Playing With Puzzles and Blocks Could Build Children’s Spatial Skills
Play may seem like fun and games, but new research shows that specific kinds of play are actually associated with development of particular cognitive skills. Data from a nationally representative study show that children who play frequently with puzzles, blocks, and board games tend to have better spatial reasoning ability. The research is published in Psychological Science, a journal of the Association for Psychological Science.
“Our findings show that spatial play specifically is related to children’s spatial reasoning skills,” says psychological scientist and lead researcher Jamie Jirout of Rhodes College. “This is important because providing children with access to spatial play experiences could be a very easy way to boost spatial development, especially for children who typically have lower performance, such as girls and children from lower-income households.”
Being able to reason about space, and how to manipulate objects in space, is a critical part of everyday life, helping us to navigate a busy street, put together a piece of “some assembly required” furniture, even load the dishwasher. And these skills are especially important for success in particular academic and professional domains, including science, technology, engineering, and math (STEM).
While previous research indicated that spatial play activities might foster children’s spatial reasoning, relevant data from a large and diverse sample were lacking, says Jirout. When the Wechsler Preschool and Primary Scale of Intelligence (WPPSI), a commonly used test of cognitive ability, was revised and standardized, it provided Jirout and co-author Nora Newcombe of Temple University a golden opportunity to study children’s spatial play and spatial thinking.
Jirout and Newcombe analyzed data from 847 children, ages 4 to 7, who had taken the revised WPPSI, which included measures of cognitive skills that contribute to general intelligence. The children’s spatial ability was specifically measured via the commonly-used Block Design subtest of the WPPSI, in which children are asked to reproduce specific 2D designs using cubes that have red, white, and half-red/half-white faces. The researchers also examined survey data from parents about the children’s play behavior and joint parent-child activities.
The data revealed that family socioeconomic status, gender, and general intelligence scores were all associated with children’s performance on the block design task. Children from the low-socioeconomic status group tended to have lower block design scores compared to children from either the middle- or high-socioeconomic status groups. And boys tended to have higher block design scores than did girls, though only after several other cognitive abilities, such as vocabulary, working memory, and processing speed, were taken into account.
Importantly, how often children played with certain toys was also tied to their spatial reasoning skills. Children who played with puzzles, blocks, and board games often (more than six times per week) had higher block design scores than did children who played with them sometimes (three to five times per week), or rarely/never.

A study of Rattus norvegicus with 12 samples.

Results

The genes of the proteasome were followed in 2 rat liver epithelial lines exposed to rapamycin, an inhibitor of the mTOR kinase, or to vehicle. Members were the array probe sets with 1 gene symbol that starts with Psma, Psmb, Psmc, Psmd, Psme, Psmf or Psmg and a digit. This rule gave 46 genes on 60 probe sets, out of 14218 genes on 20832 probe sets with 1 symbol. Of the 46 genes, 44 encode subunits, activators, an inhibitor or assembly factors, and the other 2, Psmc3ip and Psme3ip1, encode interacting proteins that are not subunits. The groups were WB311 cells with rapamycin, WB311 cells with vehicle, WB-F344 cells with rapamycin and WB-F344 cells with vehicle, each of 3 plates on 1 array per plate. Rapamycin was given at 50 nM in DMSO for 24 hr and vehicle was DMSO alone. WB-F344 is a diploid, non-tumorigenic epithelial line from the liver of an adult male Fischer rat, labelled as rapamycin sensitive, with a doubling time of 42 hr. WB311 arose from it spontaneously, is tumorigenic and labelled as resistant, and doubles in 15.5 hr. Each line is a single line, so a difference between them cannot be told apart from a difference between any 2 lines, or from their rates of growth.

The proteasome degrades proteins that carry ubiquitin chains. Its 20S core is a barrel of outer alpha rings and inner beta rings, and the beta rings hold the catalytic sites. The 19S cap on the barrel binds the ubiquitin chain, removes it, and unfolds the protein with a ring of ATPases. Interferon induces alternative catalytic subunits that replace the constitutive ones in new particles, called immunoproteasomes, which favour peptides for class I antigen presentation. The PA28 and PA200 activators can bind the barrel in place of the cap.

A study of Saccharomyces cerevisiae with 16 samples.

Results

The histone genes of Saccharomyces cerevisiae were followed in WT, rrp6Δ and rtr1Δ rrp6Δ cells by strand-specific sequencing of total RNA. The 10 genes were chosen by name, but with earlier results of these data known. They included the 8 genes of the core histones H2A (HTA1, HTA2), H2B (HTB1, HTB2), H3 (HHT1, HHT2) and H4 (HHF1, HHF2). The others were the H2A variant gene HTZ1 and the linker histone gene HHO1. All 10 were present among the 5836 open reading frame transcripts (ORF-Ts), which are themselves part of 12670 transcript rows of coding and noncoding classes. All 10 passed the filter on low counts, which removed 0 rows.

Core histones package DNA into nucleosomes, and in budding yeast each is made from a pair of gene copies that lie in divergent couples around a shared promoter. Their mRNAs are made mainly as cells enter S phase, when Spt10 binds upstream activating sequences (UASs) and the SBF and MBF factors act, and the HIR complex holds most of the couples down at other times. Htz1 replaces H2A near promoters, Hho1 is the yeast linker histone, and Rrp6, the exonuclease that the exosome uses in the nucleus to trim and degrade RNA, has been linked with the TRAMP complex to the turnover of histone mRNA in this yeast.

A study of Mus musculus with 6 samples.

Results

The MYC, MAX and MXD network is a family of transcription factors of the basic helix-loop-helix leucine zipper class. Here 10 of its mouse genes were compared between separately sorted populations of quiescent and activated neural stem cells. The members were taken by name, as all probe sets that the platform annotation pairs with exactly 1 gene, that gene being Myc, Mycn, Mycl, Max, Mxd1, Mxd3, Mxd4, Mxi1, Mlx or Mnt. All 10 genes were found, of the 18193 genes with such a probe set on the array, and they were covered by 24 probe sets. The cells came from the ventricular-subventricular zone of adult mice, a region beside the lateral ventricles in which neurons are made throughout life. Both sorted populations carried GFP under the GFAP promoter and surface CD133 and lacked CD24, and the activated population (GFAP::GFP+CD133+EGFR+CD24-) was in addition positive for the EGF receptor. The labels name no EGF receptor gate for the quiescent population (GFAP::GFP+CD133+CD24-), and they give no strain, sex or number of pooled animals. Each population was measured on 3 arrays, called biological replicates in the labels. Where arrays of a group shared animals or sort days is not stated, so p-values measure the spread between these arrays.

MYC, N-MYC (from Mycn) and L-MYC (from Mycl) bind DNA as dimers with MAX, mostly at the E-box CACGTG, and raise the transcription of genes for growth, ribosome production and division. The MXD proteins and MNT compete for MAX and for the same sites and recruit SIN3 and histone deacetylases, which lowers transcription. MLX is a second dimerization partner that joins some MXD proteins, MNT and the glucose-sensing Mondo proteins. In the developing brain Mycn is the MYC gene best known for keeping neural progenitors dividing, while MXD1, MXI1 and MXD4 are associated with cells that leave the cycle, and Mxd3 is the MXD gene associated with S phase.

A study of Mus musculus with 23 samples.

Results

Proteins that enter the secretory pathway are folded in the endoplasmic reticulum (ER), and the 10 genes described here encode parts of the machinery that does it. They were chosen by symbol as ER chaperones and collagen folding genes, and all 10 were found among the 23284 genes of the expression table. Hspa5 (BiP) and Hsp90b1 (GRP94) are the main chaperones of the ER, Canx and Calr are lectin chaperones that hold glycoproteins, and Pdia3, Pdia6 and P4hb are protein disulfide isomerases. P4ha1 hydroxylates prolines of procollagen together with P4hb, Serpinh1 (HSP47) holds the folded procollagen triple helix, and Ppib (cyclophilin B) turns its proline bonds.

None of the other types of play (e.g., drawing, playing with noise-making toys, and riding a bicycle, skateboard, or scooter) or the parent-child activities (e.g., teaching number skills, teaching shapes, playing math games, telling stories) included in the survey data were associated with children’s spatial ability.
In line with previous findings, parents reported that boys engaged in spatial play — playing with puzzles, blocks, and board games — more often than girls, even after spatial ability was taken into account.
The underlying mechanisms linking spatial play and spatial reasoning require further investigation, but these results suggest that targeting children’s spatial play may be one possible intervention tool for improving their spatial ability, the researchers argue.
“This area of research has potential to provide practical implications for anyone who interacts with or has some influence on children’s access to toys and play experiences, such as parents, teachers, childcare providers, and even toy companies,” says Jirout.
Jirout and Newcombe are planning further experimental research aimed at clarifying the causal relationship between spatial play and spatial reasoning, looking at children’s play in both informal home-based settings and more formal, classroom-based environments.
This work was supported by the Spatial Intelligence and Learning Center (National Science Foundation Grant SBE1041707).
APS regularly opens certain online articles for discussion on our website. Effective February 2021, you must be a logged-in APS member to post comments. By posting a comment, you agree to our Community Guidelines and the display of your profile information, including your name and affiliation. Any opinions, findings, conclusions, or recommendations present in article comments are those of the writers and do not necessarily reflect the views of APS or the article’s author. For more information, please see our Community Guidelines.
Please login with your APS account to comment.